After three strong seasons with the Atlanta Hawks, John Collins — the team’s first-round selection with the 19th pick in the 2017 NBA Draft — believes he has earned a major uptick in salary. The 22-year-old power forward told the Atlanta Journal-Constitution this week that he should be in the conversation for a maximum money contract.
Collins, who is eligible for a rookie extension before next season, believes that his high level of play has warranted a spot among the top earners in professional basketball. However, he also understands that a litany of factors comes into play where money is concerned.
“When we’re talking max numbers and money, I feel like I definitely [am in] the conversation to have earned that money with the Hawks specifically, but obviously I know there’s business and we don’t always get exactly what we want.”
Collins went on to express his desire to stay with the Hawks, citing a mutual level of investment between he and the organization, as well as a desire to maintain consistency during his professional career.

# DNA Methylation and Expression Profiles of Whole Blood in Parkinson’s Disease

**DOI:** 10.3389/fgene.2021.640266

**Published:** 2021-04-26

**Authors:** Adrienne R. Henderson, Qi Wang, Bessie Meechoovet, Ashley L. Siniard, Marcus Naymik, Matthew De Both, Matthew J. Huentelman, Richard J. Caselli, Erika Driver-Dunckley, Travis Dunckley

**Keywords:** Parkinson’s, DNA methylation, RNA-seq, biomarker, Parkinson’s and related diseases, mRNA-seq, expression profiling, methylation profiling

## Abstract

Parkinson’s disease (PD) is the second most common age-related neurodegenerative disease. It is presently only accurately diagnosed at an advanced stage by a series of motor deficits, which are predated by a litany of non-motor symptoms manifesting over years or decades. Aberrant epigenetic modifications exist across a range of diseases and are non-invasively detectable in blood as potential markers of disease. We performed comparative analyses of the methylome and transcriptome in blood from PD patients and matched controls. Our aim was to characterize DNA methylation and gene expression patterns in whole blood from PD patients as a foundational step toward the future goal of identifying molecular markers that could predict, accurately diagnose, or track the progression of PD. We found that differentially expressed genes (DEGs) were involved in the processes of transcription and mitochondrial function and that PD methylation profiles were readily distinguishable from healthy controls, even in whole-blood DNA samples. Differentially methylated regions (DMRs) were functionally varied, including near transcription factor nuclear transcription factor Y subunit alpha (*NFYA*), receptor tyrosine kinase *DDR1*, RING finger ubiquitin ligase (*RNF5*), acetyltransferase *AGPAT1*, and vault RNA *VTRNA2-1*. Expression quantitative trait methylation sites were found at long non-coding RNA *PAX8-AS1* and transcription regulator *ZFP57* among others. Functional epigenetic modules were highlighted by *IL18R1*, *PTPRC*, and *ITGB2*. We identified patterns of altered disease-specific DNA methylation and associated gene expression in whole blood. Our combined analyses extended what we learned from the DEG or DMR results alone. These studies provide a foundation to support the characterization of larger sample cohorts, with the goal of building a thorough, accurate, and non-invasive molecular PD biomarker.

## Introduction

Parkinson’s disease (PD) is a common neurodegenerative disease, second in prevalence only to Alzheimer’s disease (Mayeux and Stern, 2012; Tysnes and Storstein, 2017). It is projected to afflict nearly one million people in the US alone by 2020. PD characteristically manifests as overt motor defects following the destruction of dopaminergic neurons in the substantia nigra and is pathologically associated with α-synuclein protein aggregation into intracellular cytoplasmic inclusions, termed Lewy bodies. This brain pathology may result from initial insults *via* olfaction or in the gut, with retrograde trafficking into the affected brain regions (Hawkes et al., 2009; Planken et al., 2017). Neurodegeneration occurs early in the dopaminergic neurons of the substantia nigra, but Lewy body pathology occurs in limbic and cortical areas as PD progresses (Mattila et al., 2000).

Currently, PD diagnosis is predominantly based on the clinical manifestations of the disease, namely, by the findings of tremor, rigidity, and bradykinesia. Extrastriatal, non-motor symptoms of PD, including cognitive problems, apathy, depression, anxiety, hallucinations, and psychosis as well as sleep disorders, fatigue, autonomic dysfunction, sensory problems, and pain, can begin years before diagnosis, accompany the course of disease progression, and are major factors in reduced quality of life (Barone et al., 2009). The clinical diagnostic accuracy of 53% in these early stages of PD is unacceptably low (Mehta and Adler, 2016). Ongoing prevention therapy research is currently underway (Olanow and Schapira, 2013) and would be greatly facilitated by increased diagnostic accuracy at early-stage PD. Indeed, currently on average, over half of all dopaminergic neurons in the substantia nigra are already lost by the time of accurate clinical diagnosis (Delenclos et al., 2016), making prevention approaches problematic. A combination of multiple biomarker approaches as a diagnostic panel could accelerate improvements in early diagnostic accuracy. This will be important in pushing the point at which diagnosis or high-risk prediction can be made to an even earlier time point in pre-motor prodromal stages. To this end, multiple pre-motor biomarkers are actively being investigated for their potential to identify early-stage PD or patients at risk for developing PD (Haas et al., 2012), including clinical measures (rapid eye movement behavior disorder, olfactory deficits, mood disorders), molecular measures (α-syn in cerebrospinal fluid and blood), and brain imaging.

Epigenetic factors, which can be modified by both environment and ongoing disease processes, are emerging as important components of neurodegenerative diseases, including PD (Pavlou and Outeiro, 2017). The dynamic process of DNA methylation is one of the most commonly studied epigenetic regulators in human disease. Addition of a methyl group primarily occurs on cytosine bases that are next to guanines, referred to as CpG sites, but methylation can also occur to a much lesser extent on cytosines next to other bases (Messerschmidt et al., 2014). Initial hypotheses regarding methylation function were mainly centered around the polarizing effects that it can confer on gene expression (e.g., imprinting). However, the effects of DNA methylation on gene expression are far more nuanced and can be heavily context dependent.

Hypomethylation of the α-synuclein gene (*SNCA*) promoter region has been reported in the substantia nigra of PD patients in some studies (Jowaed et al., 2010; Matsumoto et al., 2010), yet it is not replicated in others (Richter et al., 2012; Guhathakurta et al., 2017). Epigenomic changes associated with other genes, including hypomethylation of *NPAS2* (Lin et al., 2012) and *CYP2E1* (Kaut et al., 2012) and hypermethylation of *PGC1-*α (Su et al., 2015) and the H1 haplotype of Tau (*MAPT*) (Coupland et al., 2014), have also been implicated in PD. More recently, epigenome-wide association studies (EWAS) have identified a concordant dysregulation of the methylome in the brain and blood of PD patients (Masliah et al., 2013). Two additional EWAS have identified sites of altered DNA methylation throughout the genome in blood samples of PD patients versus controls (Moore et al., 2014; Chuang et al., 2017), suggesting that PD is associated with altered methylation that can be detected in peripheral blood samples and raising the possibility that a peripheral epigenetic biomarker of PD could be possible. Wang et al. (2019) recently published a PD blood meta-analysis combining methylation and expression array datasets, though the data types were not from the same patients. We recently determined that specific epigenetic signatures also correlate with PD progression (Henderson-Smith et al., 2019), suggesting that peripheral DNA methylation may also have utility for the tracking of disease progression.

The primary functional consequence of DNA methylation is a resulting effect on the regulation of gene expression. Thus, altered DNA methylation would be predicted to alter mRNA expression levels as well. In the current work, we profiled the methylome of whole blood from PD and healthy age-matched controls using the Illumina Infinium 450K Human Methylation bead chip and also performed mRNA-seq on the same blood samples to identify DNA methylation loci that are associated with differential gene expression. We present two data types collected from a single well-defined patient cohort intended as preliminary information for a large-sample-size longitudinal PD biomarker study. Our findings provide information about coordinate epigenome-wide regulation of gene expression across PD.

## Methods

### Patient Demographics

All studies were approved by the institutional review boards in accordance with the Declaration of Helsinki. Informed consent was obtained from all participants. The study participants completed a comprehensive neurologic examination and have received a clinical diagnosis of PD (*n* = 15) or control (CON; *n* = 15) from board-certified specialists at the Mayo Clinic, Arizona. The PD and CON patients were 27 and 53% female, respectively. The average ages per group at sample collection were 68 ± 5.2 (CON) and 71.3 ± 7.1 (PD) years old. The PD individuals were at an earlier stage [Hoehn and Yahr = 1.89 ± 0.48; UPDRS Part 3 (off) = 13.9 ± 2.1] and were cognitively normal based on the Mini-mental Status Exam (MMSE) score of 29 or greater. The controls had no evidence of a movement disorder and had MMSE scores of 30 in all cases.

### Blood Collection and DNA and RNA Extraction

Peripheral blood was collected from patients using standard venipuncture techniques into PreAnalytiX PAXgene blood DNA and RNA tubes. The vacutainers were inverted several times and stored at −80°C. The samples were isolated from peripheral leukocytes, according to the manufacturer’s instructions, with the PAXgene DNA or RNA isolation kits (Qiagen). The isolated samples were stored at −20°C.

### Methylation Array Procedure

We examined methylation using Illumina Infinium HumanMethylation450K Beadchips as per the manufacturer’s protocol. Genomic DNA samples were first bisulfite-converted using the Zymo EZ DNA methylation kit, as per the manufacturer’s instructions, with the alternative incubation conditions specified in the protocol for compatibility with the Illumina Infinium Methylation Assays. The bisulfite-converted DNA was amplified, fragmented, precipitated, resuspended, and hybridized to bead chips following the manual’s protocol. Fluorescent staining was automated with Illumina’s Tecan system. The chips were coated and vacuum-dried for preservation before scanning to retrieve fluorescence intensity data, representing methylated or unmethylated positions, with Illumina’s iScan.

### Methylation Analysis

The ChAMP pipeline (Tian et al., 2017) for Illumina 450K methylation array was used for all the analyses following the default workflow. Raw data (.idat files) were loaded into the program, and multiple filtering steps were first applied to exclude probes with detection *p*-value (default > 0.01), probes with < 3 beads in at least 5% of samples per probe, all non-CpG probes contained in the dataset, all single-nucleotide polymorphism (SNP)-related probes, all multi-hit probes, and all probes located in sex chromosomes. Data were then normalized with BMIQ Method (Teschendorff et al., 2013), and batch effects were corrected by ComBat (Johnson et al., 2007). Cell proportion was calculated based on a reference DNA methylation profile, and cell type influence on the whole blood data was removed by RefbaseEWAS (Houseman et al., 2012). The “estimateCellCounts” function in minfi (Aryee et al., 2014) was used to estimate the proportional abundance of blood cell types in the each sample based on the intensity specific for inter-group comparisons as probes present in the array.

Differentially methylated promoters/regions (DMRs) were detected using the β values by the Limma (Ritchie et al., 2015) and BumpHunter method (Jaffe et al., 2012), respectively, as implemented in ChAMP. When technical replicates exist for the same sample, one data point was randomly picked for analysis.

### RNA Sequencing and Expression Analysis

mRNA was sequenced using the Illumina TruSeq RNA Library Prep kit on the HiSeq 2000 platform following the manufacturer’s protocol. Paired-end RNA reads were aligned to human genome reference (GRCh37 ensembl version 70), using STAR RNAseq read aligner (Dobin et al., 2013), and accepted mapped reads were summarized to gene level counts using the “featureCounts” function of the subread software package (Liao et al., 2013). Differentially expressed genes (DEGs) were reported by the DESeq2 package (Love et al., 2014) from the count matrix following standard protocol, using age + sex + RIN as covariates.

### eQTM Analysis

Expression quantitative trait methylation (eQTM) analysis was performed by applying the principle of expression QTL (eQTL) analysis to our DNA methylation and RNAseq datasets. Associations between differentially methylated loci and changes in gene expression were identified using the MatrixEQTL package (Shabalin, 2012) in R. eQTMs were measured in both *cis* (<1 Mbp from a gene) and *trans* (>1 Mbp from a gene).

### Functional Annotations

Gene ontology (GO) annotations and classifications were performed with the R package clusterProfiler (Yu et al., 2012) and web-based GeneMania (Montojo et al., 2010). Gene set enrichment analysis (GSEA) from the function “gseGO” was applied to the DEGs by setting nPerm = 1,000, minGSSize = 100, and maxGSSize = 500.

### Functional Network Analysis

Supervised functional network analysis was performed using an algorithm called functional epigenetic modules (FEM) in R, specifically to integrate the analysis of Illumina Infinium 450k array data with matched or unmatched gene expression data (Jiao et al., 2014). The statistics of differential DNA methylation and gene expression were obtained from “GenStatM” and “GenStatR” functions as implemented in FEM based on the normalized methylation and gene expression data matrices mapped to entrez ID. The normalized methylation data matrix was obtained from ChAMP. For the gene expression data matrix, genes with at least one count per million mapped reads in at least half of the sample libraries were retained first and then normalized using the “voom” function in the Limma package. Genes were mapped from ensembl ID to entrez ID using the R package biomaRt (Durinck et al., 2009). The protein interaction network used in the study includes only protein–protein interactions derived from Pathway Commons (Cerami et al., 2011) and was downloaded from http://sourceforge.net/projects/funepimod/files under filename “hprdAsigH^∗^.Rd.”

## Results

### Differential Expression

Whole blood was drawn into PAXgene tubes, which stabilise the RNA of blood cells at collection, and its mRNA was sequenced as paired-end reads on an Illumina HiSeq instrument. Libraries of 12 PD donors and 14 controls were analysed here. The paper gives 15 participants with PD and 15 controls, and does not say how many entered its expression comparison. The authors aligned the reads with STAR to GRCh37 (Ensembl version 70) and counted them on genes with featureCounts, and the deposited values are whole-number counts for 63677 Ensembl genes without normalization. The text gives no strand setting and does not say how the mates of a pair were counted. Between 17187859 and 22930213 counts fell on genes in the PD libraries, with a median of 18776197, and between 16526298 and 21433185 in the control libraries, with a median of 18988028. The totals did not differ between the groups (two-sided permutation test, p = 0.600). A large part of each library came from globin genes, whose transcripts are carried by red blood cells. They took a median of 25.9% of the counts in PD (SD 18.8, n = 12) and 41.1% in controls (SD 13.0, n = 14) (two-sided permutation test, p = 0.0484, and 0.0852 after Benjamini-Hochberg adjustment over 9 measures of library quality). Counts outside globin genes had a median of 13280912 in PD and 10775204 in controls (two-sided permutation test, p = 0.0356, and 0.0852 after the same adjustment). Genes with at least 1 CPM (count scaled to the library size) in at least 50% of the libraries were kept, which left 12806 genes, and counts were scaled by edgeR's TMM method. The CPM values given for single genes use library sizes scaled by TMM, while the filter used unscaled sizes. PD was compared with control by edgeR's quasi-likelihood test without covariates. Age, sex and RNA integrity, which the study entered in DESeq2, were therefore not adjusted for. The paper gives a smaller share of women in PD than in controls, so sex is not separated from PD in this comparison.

“I want to be a Hawk, I want to stay with the Hawks. I feel like we’ve both invested ourselves in each other… I feel like we both want to see our investments in each other pay off. In that sense, I just want to know where I am. I want to know I’m locked in as soon as I can.”
The former Wake Forest star’s assertion that he’s worth a max deal isn’t an unfathomable scenario — it’s firmly in-line with his fair market value. Collins has reached rarefied air with his performance as a third-year player on a rebuilding team.
In 41 games played before the league suspended play in mid-March as a result of the novel coronavirus, Collins averaged nearly 22 points and just over 10 rebounds per contest. Meanwhile, he connected on better than 58 percent of his field goal attempts and has expanded his shooting range. While taking nearly four three-point shots per game, Collins has managed to connect at a 40.1 percent clip.
As a result, he currently ranks sixth in the NBA in effective field goal percentage at 63.2; even in today’s space-and-pace NBA where playmaking and floor-stretching power forwards have become the norm, that’s an elite-level mark.
Collins isn’t the only current third-year player who has gone from being a mid-first round pick to potentially looking at a maximum extension this summer. As reported by The Inquisitr, Utah Jazz guard Donovan Mitchell will likely sign a max contract extension before next season.